The exhibit “Raintree County: A Celebration of the Life and Work of Ross Lockridge, Jr.” currently on display at Indiana University’s Lilly Library is coming to a close on May 19th. The exhibit explores and celebrates the life and work of Indiana author, Ross Lockridge, Jr., and the world of his iconic novel, Raintree County. Highlighted are about 400 of 75,000 items donated by the family to serve as an archive for use in the study of Lockridge’s only novel. Included are the controversial geoglyph drawn by the author for use as the book’s dust jacket, as well as the family’s Henry County Atlas which serves as a totem for the novel’s hero. Correspondent Doug Storm spoke with Cherry Williams, the Lilly Library Curator of Manuscripts and Eric Sandweiss, IU History professor and editor of the Indiana Magazine of History, about the scope of the exhibit for today’s daily local news feature report, courtesy of Interchange.
In recent months, almost a million Americans submitted comments about new regulations that would cut greenhouse gas emissions from power plants. That includes tens of thousands of Hoosiers. The comment period ended Friday and the Environmental Protection Agency is expected to issue its new rules this summer. Indiana’s coal industry has steadfastly opposed regulations like these, which they say would make it impossible to open new coal plants. WFHB Assistant News Director Joe Crawford spoke this morning with an industry lobbyist, and we bring you that interview for today’s WFHB feature exclusive.
On May first, Indiana Senator Joe Donnelly’s office in Washington released a statement that he would be supporting a Senate bill that would approve construction of the Keystone XL Pipleline, thereby over-riding the executive approval process that has been repeatedly delayed by President Obama, most recently until after the fall elections. Correspondent David Murphy speaks to Senator Donnelly about his support for the Keystone XL pipeline for today’s WFHB feature exclusive.
A report released this week in cooperation with the Environmental Protection Agency gave new insight into future climate change and how it will affect the United States. WFHB Correspondent David Murphy speaks with Indiana University Professor of Atmospheric Sciences Sara Pryor, about the findings on this report and what they mean for the future of environmental changes in Indiana, for today’s Daily Local News feature exclusive.
A new report from the American Lung Association says Indianapolis has the 20th most polluted air in the country. That’s based on levels of small particles in the air that affect cardiovascular health and could be linked to cancer. The report shows worsening air quality in Indianapolis and around the country. Assistant News Director Joe Crawford brings us this WFHB feature exclusive on what the new data means for Indianapolis and Monroe County, where we know much less about pollution levels.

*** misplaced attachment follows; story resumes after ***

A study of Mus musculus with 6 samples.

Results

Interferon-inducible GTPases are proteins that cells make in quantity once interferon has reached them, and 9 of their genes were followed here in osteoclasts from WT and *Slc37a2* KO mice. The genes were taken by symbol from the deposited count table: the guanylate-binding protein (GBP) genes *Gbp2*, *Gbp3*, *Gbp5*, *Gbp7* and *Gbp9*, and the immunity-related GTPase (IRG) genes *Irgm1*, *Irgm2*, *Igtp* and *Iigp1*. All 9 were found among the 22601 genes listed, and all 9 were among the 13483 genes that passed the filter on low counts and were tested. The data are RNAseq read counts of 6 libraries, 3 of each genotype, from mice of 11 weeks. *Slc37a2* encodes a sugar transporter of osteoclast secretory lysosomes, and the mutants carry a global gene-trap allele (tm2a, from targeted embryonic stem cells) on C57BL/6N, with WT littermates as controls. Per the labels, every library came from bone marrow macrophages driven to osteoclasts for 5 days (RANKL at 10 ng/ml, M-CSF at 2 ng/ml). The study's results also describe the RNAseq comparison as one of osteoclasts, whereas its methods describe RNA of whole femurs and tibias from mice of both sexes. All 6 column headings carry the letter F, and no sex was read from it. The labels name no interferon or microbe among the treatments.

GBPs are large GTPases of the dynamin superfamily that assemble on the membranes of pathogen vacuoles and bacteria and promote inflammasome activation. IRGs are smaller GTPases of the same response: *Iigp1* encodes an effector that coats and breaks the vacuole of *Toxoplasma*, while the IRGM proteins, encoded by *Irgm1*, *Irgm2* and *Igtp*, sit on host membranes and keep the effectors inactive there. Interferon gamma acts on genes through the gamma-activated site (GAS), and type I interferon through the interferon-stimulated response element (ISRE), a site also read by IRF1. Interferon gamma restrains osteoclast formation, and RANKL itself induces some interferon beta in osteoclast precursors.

Four months into the healthcare exchange set up by the Affordable Care Act, Indiana Governor Mike Pence is still working out details with the federal government for Hoosiers to obtain healthcare. Health and Human Services Secretary Kathleen Sebelius was joined yesterday by CMS Communications Director Julie Bataille and Director of the HHS Office of Health Reform Michael Hash, in a conference call with updates to the Health Insurance Marketplace in Indiana. We bring you some of that call now for today’s WFHB feature report.
Indiana University Student Madeline Dinges was one of five students awarded this year’s Provost Award for Undergraduate Research and Creative Activity. Dinges and her mentor, Justin Ross, an associate professor of public finance and economics in the School of Public and Environmental Affairs worked together to produce a fiscal analysis that acted as a guiding document for Lake County Indiana. An upcoming article under review at the journal Public Budgeting and Finance also includes work from their collaboration. Today, WFHB News Director Alycin Bektesh met with Dinges and Ross in SPEA to learn more about the fiscal state of Indiana counties, and the honor they received for their work, on today’s WFHB feature exclusive.
The group Grassroots Conservatives describes itself as a coalition of conservative Republicans, Tea Party Patriots, constitutionalists, independents, and libertarians who come together to pursue the American Dream. The group held a straw poll last night at the Monroe County Public Library, inviting members to select the Republican primary race candidates for Congress, County Council District 2, and County Council District 4 that best meet the Grassroots Conservatives’ principals of reducing federal government spending, low taxes and regulations, and a constitutionally limited government. Correspondent Casey Kuhn attended the polling last night and recorded candidate speeches, interviews with organization members, and the results for today’s WFHB feature exclusive.